The term ‘lead management’ has many meanings. Lead management is how you communicate to your leads and when. It’s also how you score and grade your leads so you have a clear idea of which are qualified, as well as the process you use for sending sales-ready leads to your sales reps.
A mistake many businesses make is focusing on the initial win of capturing a lead, more so than what happens once that lead enters Pardot.
You don’t need me to tell you that what happens with your leads once they enter your marketing automation software is just as important as getting them there in the first place.
Without a strong lead management plan for Pardot, you run the risk of alienating leads with irrelevant, infrequent, or too frequent communications.
Your Pardot account can end up full of unorganised data that is hard to interpret and inaccurate for reporting.
In the worst case, you can end up losing track of leads, having your sales team contact the wrong leads, or missing opportunities to close the right leads.
In short, your Pardot account can quickly descend into chaos without proactive lead management.
With this in mind, my biggest piece of advice is to document a lead management plan as part of the implementation of Pardot.
What a good lead management plan should include
When planning your lead management, I find it easiest to divide into four sections:
Qualifying new leads – scoring and grading
Lead assignment – rules for different types of leads
Lead nurture – how you communicate with different segments of lead data
Internal processes – responsibilities within your team and rules for passing leads to sales
Let’s go through each one-by-one.
Qualifying new leads in Pardot
When somebody enters Pardot, you may automatically classify them as a lead but the question you need to ask is, are they really?
How does this new person compare to your ideal buyer or your buyer personas?
Is this person likely to actually buy from you now or in the future?
This is where lead scoring and grading is essential.
Lead grading uses a letter grade from A-F to rank how well a lead matches your criteria for your business’ ideal customer profile. This is based on the demographic information the lead gives you when they submit a form i.e. location, job function, job title, industry, and so on.
Lead scoring, on the other hand, takes into account the behaviour of the lead and whether their interactions with your business indicate an interest or intent in buying from you.
For example, leads may accrue a score based on whether they open or click an email, or visit a particular page on your website, such as the pricing page.
Your lead management plan should include your lead grading and scoring model, which I’ve written in more detail about in this post about lead scoring best practices.
The most obvious use case for assigning a lead is when they reach the lead score you’ve preset to indicate that they are ready for sales contact.
Assigning leads is useful in more ways than this though. For example, you may have more than one team who market to and monitor leads, so lead assignment can help you to notify a particular group when a new lead enters the system or has fulfilled some other criteria, such as completing an automation.
To assign leads to users in Pardot, you have the option of doing this manually or automating based on rules that you enter. Naturally, I recommend the latter as the most efficient process!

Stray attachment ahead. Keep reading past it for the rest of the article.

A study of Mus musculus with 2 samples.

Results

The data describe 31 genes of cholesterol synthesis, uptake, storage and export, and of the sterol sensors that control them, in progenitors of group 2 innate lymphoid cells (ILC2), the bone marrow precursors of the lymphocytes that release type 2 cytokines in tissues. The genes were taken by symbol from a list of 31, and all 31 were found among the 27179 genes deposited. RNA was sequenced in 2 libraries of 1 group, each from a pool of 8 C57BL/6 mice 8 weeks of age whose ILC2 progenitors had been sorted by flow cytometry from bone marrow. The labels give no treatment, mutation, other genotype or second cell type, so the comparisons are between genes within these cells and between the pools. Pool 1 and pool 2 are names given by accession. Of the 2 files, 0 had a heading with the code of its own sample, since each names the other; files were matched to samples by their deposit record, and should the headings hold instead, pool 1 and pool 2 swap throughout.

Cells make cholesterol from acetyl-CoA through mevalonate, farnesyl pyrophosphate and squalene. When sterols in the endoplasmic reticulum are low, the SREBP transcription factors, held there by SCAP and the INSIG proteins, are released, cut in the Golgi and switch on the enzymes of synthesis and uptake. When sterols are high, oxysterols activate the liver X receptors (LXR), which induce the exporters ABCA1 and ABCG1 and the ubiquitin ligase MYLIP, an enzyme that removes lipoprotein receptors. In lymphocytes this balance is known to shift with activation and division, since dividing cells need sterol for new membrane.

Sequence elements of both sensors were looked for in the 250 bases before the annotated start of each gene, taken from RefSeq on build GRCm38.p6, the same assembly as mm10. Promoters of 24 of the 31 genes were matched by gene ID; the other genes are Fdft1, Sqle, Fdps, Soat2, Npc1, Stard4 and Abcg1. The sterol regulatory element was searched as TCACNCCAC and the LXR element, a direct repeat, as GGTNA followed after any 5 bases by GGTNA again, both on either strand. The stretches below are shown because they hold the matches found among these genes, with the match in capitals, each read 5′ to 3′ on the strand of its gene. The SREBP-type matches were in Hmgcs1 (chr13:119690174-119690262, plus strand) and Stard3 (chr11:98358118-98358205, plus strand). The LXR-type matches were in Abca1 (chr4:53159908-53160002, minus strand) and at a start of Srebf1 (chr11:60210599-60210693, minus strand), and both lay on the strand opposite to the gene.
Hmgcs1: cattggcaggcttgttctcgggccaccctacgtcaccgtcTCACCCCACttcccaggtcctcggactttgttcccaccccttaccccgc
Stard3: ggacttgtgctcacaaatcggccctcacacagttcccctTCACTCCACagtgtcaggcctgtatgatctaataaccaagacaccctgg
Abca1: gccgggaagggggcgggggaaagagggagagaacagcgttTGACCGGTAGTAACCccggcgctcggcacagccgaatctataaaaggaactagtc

You might be wondering why lead nurture is part of your lead management plan, considering the nature of marketing automation software is to automate lead nurturing. Why would you invest in Pardot and not have a plan for using it to nurture your leads? One might ask.
Well, lead nurture is about more than setting up a series of emails for your leads.
To consider lead nurture within your lead management plan is to ask the questions:
How should I segment my leads so I can create the most relevant communication content for each?
What are the criteria for a lead entering an automation?
How do I avoid overlap and over-saturation for leads within multiple automations?
When should a lead be excluded or removed from an automation?
Whilst your lead nurture strategy might cover some of this, your lead management plan is your opportunity to really consider the potential journey of your leads and how these can be safeguarded to avoid any negative experience.
Last but not least, your Pardot lead management plan should consider the internal processes you need to make sure all leads that need it are followed up by the right person, at the right time, and in the right way.
When and how should sales-ready leads be shared with your sales team?
If you’re using Salesforce CRM, lead assignment can help to automate this.
If you don’t have a CRM yet, will your sales team be created as users and assigned leads this way, or will you share via email? If it’s the latter, what data protection processes need to be used to ensure compliance?
Ultimately, every person in your team that touches leads or Pardot should know what their responsibility is when it comes to data management and this part of your lead management document should communicate this clearly.
I can’t stress enough how many hours and headaches can be saved by just taking a bit of time upfront to pull together your lead management plan for Pardot. Hopefully, this quick guide has convinced you to do so and given you enough to get started. As always, any questions or for help implementing Pardot, get in touch!